Accessing mental health services
We can help you consider options for support or action that address your individual circumstances. The information below gives more information on how to access mental health services and what other help may be available.
If you haven’t had any experience of mental illness before, you may not be aware that your doctor is a good first point of contact when looking for help and support.
You may already have a good relationship with your doctor and feel comfortable talking to them about your concerns.
Making an appointment with your GP
If you’re uncertain about how your doctor might respond, you may understandably feel a bit nervous about discussing a mental health problem with them. If this is the case, here are some useful tips:
- Ask to see a doctor who has a particular interest in mental health.
- Book a double appointment – this gives you more time to talk things through.
- Write down beforehand how you have been feeling as this can remind you what you want to say – it can also help the doctor to fully understand your situation.
- See if a friend or family member can come with you – they can ask questions you might not think of, and help you remember what has been said afterwards.
Getting a diagnosis
Your doctor may be able to provide a diagnosis for more common mental health problems such as depression or anxiety.
By saying depression and anxiety are common mental health problems, this is not to underestimate in any way how distressing and difficult they may be. It is simply a reassurance that doctors encounter such matters on a daily basis and will be familiar with people’s experiences of these difficulties.
Treatment and support
Once you have a diagnosis, your doctor will discuss options for treatment and support with you. Options may include medication, for example antidepressants, and/or a talking treatment, such as counselling or therapy.
Counselling and therapy
Talking to a counsellor or therapist enables you to talk through how you are feeling with someone who is accepting, understanding and non-judgemental.
This can be helpful in itself; it may also help you understand difficult feelings, and begin to find ways of coping more positively with such feelings.
Finding a counsellor or therapist
Your doctor can refer you to an NHS counsellor. Waiting times can be quite lengthy, depending on your location. If this is the case, you might like to consider seeing a therapist or counsellor privately.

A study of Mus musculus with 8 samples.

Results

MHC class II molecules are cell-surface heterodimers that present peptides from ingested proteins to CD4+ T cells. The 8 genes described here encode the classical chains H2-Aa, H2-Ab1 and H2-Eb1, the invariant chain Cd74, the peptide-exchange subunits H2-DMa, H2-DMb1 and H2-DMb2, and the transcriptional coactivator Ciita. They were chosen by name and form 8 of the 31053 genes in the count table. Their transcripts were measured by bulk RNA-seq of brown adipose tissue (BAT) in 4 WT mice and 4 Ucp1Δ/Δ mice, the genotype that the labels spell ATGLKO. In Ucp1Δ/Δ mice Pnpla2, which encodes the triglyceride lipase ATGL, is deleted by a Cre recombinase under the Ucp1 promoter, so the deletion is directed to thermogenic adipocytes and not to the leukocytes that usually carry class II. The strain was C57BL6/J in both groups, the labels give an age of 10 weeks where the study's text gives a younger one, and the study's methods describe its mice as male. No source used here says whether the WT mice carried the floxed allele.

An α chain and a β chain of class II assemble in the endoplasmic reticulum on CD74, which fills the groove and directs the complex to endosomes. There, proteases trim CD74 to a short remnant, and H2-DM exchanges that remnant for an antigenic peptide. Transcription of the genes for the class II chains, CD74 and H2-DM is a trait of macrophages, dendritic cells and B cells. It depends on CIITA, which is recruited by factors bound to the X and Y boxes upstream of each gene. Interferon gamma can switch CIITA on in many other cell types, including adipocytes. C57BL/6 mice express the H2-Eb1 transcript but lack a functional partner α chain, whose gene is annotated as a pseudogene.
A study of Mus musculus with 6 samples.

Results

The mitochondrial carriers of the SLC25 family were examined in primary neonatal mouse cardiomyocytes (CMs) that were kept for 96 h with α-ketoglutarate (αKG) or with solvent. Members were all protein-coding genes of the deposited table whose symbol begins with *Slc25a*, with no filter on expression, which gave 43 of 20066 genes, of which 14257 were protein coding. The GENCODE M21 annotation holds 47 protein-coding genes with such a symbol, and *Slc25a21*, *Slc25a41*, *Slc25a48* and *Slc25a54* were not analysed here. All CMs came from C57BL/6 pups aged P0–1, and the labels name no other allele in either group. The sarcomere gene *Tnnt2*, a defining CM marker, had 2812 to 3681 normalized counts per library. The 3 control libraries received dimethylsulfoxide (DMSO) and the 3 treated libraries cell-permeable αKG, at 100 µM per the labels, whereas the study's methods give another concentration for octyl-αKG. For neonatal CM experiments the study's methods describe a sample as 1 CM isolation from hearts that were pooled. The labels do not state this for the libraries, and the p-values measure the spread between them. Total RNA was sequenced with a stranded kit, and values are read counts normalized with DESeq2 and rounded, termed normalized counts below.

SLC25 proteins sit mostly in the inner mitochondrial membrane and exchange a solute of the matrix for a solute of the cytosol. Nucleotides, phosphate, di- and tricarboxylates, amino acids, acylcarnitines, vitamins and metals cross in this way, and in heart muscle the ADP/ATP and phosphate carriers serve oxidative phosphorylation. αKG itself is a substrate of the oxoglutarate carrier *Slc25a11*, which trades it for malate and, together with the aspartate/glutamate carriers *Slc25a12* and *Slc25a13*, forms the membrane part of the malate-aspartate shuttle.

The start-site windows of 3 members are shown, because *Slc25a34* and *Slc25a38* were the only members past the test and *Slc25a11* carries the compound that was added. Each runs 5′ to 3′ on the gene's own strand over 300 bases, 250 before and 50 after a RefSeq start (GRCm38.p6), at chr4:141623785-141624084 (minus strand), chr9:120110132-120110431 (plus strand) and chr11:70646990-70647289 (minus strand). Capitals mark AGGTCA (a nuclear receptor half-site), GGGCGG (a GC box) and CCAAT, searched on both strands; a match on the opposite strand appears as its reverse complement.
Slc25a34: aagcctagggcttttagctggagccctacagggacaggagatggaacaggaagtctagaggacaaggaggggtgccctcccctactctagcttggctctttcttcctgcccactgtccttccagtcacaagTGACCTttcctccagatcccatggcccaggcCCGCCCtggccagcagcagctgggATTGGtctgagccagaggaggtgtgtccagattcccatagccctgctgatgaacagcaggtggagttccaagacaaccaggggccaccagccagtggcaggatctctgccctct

Alternatively, your doctor may know of local organisations that provide counselling. These may be low-cost services, where you are asked to make a contribution, depending on your level of income.
Other sources of mental health help and support
Some schools may have counsellors available, or you may be able to talk to your form tutor or another teacher you trust if you are concerned about your own or someone else’s mental health.
Remember if you are in college or university, counselling and other support services are likely to be available. Ask at the students’ union.
Some larger workplaces offer counselling services. Ask your HR department or union rep about what help is available.
There is a wide range of medication available for depression and anxiety, and it may take some time to find the one that best suits each individual.
This is because it takes time for medication to work; you may not immediately feel the benefits you are expecting or hoping for; conversely, this is the time when any side-effects may be most prominent.
Things should settle down after a couple of weeks. However, if you keep in touch with your doctor, they can provide reassurance and support.
If your doctor can’t provide a diagnosis, they may refer you on to a mental health specialist for diagnosis. Again, once you have a diagnosis, options for treatment and support can be discussed.
For further information go to NHS mental health services.